Review: Total Carnage (Game Boy)

In this review, we blast through the Game Boy game Total Carnage. We find out how well this top down shooter game plays.

This game was released in 1994. It is a port from an arcade game.

After a war breaks out, reporters show up to report on the aftermath. While reporting on things in the area, mysterious mutants begin to appear, kidnapping them. When you are sent to investigate the mysterious lifeforms, General Akhboob threatens you.

You start off with a large gun that fires one shot at a time. Fortunately, the shots are quick and medium range, so the rate of fire isn’t terrible. Still, there are better weapons on the battlefield. Item pickups are largely denoted by letters. M gives you a better rate of fire. B allows you to fire a single shot that encircles you once (probably the worst weapon in the game if you ask me). S fires a spread shot. F is a very short range flame thrower (lots of damage, terrible range). Finally, G adds a grenade in your inventory. Grenades can be thrown with B, but are generally useless (and disabled during boss fights anyway).

There are other item pickups to be found. Keys and gems give you extra points. Dog tags give you extra lives.

In the levels themselves, you encounter hoards of enemies. Some enemies simply walk toward you, but others move more erratically. If the screen isn’t moving, the goal is to polish off as many of them as possible. After you take out a number of them, the screen will move to another part of the field. Eventually, you’ll make your way to an exit area. This is denoted by large text. You have a limited period of time to make it through the exit.

Eventually, you’ll fight a boss. Do enough damage and defeat the boss, but this does take some doing to accomplish.

There are other “bonus” areas in this game. The goal is to take out various numbers of targets. Be warned that being killed here means you lose a life anyway.

This is my first criticism to this game. Bonus areas shouldn’t allow you to run the risk of losing precious lives. If you can get killed, the bonus round should simply end and you move on to the next round. Otherwise, this is just another level.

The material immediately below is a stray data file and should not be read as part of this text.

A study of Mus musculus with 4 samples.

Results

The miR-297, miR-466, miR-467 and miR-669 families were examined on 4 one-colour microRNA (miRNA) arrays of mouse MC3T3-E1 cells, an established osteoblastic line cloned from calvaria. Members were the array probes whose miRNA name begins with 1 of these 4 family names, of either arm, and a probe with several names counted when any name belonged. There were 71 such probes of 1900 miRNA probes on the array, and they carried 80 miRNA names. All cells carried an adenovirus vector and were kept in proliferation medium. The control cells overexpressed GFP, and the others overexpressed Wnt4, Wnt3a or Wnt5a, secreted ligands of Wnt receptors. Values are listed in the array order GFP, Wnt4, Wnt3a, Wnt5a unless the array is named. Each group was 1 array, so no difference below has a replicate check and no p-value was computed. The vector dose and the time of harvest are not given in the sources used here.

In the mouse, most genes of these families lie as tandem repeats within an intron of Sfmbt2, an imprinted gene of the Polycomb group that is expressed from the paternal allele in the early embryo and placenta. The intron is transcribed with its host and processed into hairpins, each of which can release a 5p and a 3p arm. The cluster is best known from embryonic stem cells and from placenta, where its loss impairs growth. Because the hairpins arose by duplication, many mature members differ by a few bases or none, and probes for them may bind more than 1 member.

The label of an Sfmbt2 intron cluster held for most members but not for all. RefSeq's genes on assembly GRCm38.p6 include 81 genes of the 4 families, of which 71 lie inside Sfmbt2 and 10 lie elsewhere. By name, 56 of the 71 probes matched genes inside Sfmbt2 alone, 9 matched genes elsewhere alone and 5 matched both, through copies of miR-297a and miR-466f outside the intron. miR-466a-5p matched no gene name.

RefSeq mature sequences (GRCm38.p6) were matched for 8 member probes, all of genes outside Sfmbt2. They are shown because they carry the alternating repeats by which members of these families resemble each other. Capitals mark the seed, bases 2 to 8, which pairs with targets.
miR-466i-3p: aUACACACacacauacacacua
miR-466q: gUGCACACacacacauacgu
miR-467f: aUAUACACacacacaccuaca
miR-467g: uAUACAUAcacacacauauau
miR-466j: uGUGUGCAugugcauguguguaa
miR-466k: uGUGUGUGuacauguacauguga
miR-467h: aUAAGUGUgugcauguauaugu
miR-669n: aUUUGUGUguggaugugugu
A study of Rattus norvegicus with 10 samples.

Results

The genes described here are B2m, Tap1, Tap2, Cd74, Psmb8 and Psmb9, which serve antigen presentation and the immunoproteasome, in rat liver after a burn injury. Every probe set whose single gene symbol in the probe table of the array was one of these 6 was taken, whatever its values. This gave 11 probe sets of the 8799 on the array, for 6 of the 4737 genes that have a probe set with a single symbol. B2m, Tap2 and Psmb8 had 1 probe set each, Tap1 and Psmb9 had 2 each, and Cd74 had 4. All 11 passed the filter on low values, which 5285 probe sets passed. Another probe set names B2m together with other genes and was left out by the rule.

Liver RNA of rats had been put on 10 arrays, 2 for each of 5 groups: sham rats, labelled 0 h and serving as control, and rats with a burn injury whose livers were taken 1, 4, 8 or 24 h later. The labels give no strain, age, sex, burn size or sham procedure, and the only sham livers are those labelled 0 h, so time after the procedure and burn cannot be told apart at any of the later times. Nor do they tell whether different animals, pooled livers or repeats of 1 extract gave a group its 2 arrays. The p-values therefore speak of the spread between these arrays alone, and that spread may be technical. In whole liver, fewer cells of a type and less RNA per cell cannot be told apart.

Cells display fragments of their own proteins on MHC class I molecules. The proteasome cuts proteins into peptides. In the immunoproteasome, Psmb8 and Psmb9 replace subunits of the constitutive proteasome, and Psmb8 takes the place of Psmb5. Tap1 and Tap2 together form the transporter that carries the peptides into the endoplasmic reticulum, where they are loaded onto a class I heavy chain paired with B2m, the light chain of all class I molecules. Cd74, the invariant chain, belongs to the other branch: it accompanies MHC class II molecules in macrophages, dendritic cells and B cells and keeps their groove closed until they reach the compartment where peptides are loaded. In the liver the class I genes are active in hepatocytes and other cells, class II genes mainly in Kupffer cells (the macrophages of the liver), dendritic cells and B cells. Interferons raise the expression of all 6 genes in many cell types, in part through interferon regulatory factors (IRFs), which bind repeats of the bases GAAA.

My second point of criticism revolves around the borders. It is often the case you run to the edge of the screen to collect an item. Unfortunately, the game has a habit of randomly killing you whether or not an enemy is there. This bug is extremely annoying in my view.

In addition to this, the game has that “derivative” feeling to it. A lot of what is found in this game is also found in the earlier Contra games. The only difference is that it’s less entertaining and more annoying to play.

Another issue is that enemies can walk through a lot of obstacles. If there are trees or small objects you can’t go through, enemies will just simply waltz through them like they aren’t even there. With the exception of extra thick walls, obstacles only restrict your movements.

Even the collision detection in this game can be hit and miss. Sometimes you can slip past enemies. Other times, it seems that the enemy just missed you, but the dying animation says otherwise. It seems detection is a little lower than where it should be.

After getting through all that, it’s easy to see that this game is very difficult and only gets harder from there.

Generally speaking, this game is long on pitfalls and short on positive points. A lot of weapon choices are weak. A lot of elements are seemingly taken from the Contra series. Collision detection is buggy. Edges randomly kill you. The difficulty curve is steep. I honestly tried to get into this game to find some kind of silver lining, but the more I tried to enjoy the game, the more the game hits back and screams, “No, there is nothing entertaining in this game!” So, I tried, but I couldn’t get into this game at all.

The graphics are pretty painful in this game. Enemies are a jumble of pixels at times. The only exception I found were the bosses and the spider enemies. The field you fight on is pretty barren. Probably the strongest graphical part of the game is the messages from General Akhboob. In all honesty, even that isn’t too special either.

The audio only makes this game seem worse. There is music in the intro and menus. They aren’t amazing, but it’s passable. Then, when you hit the actual game itself, the music vanishes and you only have your weapon fire, item pickup beeps, and enemy thumps to keep you company. The jingle that plays when you die isn’t even good at all and the game over song is just an extended version of that. There is music for bosses, but since it’s hard to encounter more than one, this is a rare luxury. The sound effects are pretty basic for the most part.

Overall, this is one of those games that is really hard to get into. I found that the more I tried to find that aspect of the game that makes it good, the more the game punishes me for trying. The basic concepts are pretty derivative, the collision detection is buggy, and the edges of the screen randomly kill you for no reason. The graphics leave a lot to be desired and the audio is very sparse and basic. So, definitely not a game I would recommend.

Overall
Died on the radiation beams level.
High score: 30,480

General gameplay: 12/25
Replay value: 4/10
Graphics: 4/10
Audio: 2/5

Overall rating: 44%

Drew Wilson on Twitter: @icecube85 and Facebook.